A Donald Trump presidency is the only certainty. What is left uncertain is how policy and geopolitical risk will change and how the markets will digest those changes. We are seeing a higher stock market after being down over 800 points in the futures market last night. The yield curve is steepening with the prospect for higher inflation, at a minimum resulting from higher fiscal spending, lower taxes and as a result, higher deficits (and potentially higher trade barriers). It is also likely steeper given the expectation for a more hawkish Federal Reserve and the potential for increased business investment due to the expectation for reduced regulations and increased spending domestically (e.g., infrastructure). The US dollar is expected to strengthen.
The emotional element of the election allowed policy changes to take a back seat; therefore, we await policy decisions and importantly, announcements in regards to appointments and departures. With the composition of the House and Senate, it will be seen how President Trump works with fellow Republicans and how supportive they are to his initiatives. Generally, we note the following as it relates to various sectors within the Fixed Income markets:
After an initial flight to quality that drove the yield on the 10-year Treasury note down to 1.7%, yields are higher on the day with the 10-year yield increasing 21 basis points to 2.07%. The yield curve is steepening and inflation expectations are rising as a result of a potentially more aggressive Federal Reserve, possible increased Treasury issuance to fund higher deficits, and reduced demand from foreign investors. As a sign of higher market implied inflation expectations, break-evens on 10-year TIPS are up 12 bps on the day. Whether or not rates stay at these levels will depend on longer-term economic activity, actual inflation data and changes in the make-up of the Federal Reserve board. While the make-up and stance of the Federal Reserve is uncertain looking ahead to next year, futures markets continue to price in an 80% probability of a ¼ point rate increase at the December meeting.
The tax-exempt market has reacted pretty much in line with the sell-off experienced in the Treasury market. Relative valuation metrics have remained relatively unchanged versus taxables, but investors will be paying very close attention to any prospects for tax reform. With Republicans now in control of both houses of congress and the presidency, there will be an expectation to see lower tax rates, but their impacts on relative valuation levels will not likely be felt until the market receives better clarification on the extent and magnitude of any tax-policy changes.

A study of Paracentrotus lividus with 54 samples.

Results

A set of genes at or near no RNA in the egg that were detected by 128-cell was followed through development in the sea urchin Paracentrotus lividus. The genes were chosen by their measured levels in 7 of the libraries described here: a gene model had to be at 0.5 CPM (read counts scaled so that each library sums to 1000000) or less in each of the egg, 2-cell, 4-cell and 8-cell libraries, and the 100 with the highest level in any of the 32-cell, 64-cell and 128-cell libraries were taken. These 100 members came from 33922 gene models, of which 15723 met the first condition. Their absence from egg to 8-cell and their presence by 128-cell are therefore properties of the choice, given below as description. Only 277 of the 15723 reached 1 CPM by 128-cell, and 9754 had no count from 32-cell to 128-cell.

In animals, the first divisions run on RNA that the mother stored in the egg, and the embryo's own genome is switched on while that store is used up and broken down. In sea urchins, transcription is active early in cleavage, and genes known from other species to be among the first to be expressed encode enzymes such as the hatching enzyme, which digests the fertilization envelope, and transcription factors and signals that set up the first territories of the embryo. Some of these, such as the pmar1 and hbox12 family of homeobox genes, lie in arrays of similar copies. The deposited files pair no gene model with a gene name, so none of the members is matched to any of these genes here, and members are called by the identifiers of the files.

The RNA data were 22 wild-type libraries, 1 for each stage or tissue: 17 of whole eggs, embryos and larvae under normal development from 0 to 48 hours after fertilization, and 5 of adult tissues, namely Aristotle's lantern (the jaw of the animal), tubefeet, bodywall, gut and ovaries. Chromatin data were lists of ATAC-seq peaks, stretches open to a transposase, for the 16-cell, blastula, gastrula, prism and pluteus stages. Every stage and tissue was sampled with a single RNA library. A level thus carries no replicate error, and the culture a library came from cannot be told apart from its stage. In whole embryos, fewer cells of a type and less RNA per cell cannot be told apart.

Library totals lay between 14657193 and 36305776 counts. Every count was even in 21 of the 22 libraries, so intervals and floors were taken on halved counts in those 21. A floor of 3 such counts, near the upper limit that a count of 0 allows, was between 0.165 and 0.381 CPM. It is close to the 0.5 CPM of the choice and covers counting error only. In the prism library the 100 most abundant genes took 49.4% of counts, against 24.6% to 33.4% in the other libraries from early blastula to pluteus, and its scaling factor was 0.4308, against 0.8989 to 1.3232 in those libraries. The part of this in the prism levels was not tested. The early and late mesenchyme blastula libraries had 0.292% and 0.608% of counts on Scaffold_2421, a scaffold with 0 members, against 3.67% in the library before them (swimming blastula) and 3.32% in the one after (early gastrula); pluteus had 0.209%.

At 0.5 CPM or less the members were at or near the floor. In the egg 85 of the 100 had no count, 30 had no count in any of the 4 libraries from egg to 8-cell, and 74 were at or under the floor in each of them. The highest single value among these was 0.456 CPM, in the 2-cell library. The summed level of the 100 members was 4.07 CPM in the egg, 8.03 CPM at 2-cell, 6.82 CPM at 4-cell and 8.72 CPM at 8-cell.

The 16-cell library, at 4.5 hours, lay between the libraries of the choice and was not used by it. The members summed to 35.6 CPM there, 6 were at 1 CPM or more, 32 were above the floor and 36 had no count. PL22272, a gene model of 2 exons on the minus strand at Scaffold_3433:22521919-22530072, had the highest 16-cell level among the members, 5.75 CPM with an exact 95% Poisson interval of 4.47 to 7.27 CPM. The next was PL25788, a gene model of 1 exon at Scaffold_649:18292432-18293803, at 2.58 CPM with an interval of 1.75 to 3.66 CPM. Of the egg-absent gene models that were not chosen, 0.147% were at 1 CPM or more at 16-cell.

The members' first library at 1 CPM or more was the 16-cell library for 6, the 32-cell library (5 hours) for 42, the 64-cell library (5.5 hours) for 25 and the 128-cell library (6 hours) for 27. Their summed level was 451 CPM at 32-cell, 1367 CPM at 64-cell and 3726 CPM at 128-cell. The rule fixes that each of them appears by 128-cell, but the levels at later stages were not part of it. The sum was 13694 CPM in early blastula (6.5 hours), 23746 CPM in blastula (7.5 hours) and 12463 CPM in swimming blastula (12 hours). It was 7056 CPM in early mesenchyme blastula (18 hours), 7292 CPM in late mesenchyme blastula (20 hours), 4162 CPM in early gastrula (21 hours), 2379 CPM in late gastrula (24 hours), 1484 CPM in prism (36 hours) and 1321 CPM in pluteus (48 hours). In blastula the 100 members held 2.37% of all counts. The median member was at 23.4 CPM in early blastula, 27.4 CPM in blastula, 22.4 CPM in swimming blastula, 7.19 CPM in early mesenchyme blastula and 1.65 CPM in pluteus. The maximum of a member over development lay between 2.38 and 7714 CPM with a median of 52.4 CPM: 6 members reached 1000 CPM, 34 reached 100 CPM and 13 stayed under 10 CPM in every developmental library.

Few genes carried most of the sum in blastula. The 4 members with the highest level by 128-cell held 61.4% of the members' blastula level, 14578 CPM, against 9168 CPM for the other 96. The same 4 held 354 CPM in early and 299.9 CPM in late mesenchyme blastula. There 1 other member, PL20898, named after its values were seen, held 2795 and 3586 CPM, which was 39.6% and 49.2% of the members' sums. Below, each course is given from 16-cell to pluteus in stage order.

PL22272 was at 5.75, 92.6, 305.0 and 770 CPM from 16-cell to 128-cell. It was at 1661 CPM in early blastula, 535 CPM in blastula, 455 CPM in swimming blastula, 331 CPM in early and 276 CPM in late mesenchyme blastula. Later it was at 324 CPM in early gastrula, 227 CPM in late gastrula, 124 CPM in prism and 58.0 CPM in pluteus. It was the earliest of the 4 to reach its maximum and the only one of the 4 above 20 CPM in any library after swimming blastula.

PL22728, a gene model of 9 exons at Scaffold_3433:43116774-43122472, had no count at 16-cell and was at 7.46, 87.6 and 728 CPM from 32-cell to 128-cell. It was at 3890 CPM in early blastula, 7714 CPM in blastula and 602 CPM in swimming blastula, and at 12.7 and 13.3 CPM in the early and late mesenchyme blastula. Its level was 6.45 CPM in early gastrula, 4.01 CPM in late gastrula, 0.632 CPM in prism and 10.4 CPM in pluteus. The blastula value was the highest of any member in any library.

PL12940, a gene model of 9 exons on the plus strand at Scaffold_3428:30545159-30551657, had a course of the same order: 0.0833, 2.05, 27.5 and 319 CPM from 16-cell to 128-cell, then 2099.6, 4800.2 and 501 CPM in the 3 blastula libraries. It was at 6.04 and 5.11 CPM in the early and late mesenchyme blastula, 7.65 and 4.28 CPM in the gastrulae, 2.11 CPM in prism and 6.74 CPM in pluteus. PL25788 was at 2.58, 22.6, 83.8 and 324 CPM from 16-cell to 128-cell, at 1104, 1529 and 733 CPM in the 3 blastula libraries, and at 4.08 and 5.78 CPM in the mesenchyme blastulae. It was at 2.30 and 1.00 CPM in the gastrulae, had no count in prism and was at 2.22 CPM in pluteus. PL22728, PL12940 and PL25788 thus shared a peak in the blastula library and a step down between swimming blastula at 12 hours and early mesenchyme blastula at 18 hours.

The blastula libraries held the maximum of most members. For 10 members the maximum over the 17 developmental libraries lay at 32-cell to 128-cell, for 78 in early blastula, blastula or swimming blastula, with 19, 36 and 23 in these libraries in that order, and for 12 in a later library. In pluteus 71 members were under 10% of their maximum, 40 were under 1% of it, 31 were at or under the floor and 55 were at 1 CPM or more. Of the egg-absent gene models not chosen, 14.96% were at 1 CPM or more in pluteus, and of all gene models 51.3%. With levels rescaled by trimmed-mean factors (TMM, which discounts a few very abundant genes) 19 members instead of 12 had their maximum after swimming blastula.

Change in the political landscape will most affect the regulatory environment for structured securities. We anticipate less regulation which should increase the general availability of credit. More importantly we may finally see some clarity of the government’s role in the mortgage market. Fannie Mae and Freddie Mac could be consolidated or unwound and a system for sharing credit risk between taxpayers and private capital to be explicitly established.
We await key appointments and policy related announcements before making changes to our investment strategy within Corporate credit. We have been positioned for stability in commodity prices and low global growth and rates, and that remains generally unchanged although there is a higher degree of uncertainty around growth (positive and negative) as well as slightly higher rates today. For instance, while reduced regulations and government gridlock would be positive (e.g., Energy, Banks), inflation and/or changes to global trade would negatively affect cash flows for many industries (e.g., Consumer Staples, Technology). While widening initially, investment grade Corporate bond spreads have tightened as higher yields attract buyers.
Equities underlying the broad convertible market are exhibiting a wide reaction to political developments on the home front, with an overall move that is in line with the 1% gains posted by domestic market indices. Rising interest rates are a headwind to valuations, but partially offset by an improving tone in credit markets. We would note the strength in small and mid-cap equities which, in total, represent nearly half of the US convertible market. Looking ahead, the prospects for increased infrastructure spending, rising business spending, and higher interest rates would be supportive of increased new issue supply in the convertible sector as issuers seek lower cost, less dilutive sources of growth capital. We would welcome an increase in primary market activity for purposes of optimizing the risk/reward profile of portfolios.